Recently I was listening to one of my favorite sports talk radio personalities, Dan Patrick. He currently has his own show on Fox Sports Network, but is most well-known for his time as an anchor on SportsCenter while with ESPN. He and Keith Olbermann led SportsCenter for many years in the 90’s and the pair became wildly popular in the sports world. For a sportscaster, being an anchor on SportsCenter is kind of like leading the nightly news for ABC, CBS, or NBC…you can’t really go up.
Despite having the most coveted position in sports broadcasting, Patrick made the decision in 2007 to leave ESPN, the World Wide Leader in Sports, to start his own sports talk radio show. So why would someone who’s seemingly at the top of his profession decide to abruptly leave? Why would Dan Patrick walk away from unparalleled exposure and a lot of money at ESPN, for less exposure and presumably less money?
The answer is simple: he hated his boss and he didn’t feel appreciated. On one of his recent shows he spoke candidly about his exit from ESPN. He said that he rarely was given any positive feedback, and that he didn’t feel valued by his supervisor/management. In Patrick’s case, those two things were more powerful and more influential than money and exposure.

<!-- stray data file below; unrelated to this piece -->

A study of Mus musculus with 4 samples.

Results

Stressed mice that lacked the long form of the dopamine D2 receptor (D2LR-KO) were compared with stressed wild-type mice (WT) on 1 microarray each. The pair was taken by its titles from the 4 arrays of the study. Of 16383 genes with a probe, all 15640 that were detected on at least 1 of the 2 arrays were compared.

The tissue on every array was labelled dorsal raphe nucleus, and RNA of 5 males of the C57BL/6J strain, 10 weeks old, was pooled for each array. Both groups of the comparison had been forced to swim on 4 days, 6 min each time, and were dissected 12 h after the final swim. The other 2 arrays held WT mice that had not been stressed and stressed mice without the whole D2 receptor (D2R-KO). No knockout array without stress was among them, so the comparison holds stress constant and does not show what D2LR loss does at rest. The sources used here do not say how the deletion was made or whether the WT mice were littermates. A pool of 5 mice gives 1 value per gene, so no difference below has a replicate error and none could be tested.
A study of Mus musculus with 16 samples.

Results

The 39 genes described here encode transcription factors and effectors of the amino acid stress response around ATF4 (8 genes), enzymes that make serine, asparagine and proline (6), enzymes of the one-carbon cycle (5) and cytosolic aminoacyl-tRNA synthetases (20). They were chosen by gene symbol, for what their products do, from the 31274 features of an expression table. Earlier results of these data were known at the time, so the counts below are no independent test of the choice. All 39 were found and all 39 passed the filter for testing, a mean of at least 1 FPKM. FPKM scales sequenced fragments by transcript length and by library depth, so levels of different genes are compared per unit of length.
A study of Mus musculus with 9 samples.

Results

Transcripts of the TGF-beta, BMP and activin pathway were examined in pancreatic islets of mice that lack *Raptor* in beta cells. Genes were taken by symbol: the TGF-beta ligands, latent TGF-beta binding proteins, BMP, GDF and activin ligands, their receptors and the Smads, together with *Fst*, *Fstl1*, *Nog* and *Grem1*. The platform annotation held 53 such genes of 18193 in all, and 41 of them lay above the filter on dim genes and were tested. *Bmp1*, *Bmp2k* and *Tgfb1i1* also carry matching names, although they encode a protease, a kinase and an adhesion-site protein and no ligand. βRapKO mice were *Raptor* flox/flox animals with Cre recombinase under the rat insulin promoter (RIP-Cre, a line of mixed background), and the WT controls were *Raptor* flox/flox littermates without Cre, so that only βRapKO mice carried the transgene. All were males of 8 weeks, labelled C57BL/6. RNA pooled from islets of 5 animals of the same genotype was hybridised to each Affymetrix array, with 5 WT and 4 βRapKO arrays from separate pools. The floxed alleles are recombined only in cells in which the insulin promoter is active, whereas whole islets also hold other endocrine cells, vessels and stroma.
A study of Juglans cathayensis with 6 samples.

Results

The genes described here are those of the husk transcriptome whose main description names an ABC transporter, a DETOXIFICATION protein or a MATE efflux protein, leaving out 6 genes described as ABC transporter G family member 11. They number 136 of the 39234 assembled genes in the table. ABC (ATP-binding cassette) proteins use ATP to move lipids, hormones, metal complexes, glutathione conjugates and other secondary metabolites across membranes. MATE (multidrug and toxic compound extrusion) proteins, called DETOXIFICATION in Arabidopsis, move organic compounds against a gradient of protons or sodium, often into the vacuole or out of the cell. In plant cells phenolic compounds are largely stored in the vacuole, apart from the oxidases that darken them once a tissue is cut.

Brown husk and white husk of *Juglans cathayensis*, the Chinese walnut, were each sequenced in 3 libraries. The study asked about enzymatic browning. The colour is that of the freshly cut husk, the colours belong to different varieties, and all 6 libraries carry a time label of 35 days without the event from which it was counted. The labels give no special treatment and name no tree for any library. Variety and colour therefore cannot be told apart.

People leave jobs for a lot of reasons: better opportunities, more money, career change, relocation, etc. However, many people leave their jobs for the same reasons Patrick left ESPN. Often times, people don’t quit their job, they quit their boss. If you’re in a management/supervisory position, take the time to evaluate how you treat others on your team. When was the last time you went out of your way to acknowledge the great work of one of your team members? If it’s been a while, take a few minutes to write a note of appreciation, or simply walk down the hall and tell them how much you appreciated their help with project X, Y, or Z. Make sure that those you supervise don’t only hear the feedback that you HAVE to give, but that they also hear appreciative and positive feedback.